The U.S. economy expanded at a modest pace with job gains slowing somewhat and inflation remaining stable or slightly weaker, a Federal Reserve survey showed.
“The outlook generally was positive for the coming months, with expectations of continued modest growth, despite widespread concerns about the possible negative impact of trade-related uncertainty,” according to the report Wednesday in Washington.
The central bank’s Beige Book economic report, based on anecdotal information collected by the 12 regional Fed banks on or before July 8, said the labor market continued to tighten, putting some upward pressure on compensation. However, some manufacturing and technology firms in the Northeast reduced staff.
The report is unlikely to sway the debate policy makers will have when they gather July 30-31. Officials are widely expected to reduce interest rates by a quarter point, though a handful of regional Fed presidents appear uneasy about cutting rates while their baseline economic outlook remains solid.
Despite the labor market’s continued strength, firms still struggled to pass on higher wages and new tariffs to customers. “Firms’ ability to pass on cost increases to final prices was restrained by brisk competition,” according to the report prepared by the San Francisco Fed.
The Fed’s favorite gauge of inflation showed prices rose just 1.5 per cent in the year through May. Inflation has run persistently below the central bank’s 2 per cent target for most of the past seven years.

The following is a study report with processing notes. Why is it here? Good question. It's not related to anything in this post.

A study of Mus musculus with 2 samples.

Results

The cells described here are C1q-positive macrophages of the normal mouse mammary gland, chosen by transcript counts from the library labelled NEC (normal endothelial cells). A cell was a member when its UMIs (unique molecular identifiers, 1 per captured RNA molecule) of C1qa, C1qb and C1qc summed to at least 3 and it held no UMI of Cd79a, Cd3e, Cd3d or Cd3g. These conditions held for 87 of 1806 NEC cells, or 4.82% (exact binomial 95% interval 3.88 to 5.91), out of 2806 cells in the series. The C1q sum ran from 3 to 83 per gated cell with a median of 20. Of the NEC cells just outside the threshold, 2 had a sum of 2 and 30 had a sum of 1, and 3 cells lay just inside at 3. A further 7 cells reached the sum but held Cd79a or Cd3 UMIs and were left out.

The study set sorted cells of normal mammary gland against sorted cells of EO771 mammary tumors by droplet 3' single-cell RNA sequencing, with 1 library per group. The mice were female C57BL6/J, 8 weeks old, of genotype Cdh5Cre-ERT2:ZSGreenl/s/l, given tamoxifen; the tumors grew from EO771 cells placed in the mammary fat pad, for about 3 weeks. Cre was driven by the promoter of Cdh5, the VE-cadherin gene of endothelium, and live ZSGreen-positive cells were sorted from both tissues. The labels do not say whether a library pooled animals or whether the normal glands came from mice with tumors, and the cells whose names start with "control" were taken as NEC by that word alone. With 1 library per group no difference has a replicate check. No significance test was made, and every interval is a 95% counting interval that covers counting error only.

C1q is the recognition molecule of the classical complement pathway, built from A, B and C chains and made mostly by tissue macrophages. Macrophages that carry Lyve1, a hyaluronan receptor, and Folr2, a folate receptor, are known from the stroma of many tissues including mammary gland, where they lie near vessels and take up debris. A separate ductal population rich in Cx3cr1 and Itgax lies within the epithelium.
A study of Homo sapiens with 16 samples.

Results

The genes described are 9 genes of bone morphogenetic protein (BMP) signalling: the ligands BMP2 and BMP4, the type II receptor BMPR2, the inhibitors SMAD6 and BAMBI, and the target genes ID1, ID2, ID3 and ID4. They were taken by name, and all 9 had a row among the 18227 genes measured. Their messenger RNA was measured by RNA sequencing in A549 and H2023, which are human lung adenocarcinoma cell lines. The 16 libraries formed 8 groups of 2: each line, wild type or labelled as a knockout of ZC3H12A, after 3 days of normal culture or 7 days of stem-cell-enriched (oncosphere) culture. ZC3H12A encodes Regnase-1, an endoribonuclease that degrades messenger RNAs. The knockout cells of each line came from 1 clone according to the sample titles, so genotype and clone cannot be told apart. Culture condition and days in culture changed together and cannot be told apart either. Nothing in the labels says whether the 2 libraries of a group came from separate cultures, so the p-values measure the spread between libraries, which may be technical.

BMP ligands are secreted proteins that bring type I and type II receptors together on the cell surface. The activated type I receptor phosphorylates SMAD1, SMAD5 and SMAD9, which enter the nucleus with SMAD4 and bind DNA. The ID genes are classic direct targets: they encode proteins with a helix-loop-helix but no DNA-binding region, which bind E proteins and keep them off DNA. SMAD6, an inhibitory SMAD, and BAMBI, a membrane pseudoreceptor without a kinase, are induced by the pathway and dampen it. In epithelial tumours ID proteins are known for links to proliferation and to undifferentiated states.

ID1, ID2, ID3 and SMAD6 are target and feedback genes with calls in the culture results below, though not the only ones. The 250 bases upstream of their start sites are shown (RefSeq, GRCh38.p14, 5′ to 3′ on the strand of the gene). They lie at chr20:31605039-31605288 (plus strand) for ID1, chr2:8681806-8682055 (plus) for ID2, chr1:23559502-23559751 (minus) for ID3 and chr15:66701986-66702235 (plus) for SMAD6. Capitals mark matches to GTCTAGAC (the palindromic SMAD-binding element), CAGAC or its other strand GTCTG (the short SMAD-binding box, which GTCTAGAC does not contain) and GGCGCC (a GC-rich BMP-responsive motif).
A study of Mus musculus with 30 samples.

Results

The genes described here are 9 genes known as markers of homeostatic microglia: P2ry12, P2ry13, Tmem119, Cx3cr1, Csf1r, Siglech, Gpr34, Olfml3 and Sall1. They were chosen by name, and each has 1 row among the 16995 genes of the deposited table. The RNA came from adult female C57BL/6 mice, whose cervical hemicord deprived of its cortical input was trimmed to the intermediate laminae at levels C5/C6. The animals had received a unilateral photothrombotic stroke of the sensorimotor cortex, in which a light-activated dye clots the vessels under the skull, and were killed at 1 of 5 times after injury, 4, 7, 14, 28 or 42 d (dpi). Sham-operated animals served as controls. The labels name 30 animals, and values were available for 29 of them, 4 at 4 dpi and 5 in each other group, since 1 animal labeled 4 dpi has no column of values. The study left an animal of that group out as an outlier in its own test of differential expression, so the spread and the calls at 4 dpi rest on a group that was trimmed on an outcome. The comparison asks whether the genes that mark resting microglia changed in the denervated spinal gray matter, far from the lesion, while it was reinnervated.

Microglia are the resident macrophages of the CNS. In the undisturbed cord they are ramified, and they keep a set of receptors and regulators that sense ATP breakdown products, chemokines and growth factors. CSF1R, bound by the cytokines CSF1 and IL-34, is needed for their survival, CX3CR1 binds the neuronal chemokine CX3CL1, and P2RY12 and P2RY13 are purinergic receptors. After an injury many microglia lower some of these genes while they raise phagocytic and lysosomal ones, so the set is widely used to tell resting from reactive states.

The Beige Book follows the release of data this week in which retail spending and manufacturing both exceeded economists’ estimates, and a June jobs report showed the labor market rebounded in May. The report noted that sales of retail goods “increased slightly overall” though vehicle sales were flat.
Most Fed officials still predict growth of 2 per cent or higher this year, but say that outlook is threatened by risks related to global trade disputes.
Wednesday’s report said manufacturing in the U.S. was generally flat with a modest pickup in a few districts. Manufacturers in the Boston region said “tariffs and trade policy uncertainty were major issues,” while businesses in Philadelphia said those conditions further delayed investment. Factories in New York and Chicago saw activity decline, though Atlanta’s increased and Richmond’s reported a slight uptick in shipments and new orders.
Though some districts continued to report healthy expansion in transportation, others said activity had declined modestly. Cleveland’s freight haulers saw a modest decline in demand, “and they are concerned about the future.” Richmond’s trucking firms had freight volumes fall below seasonal levels.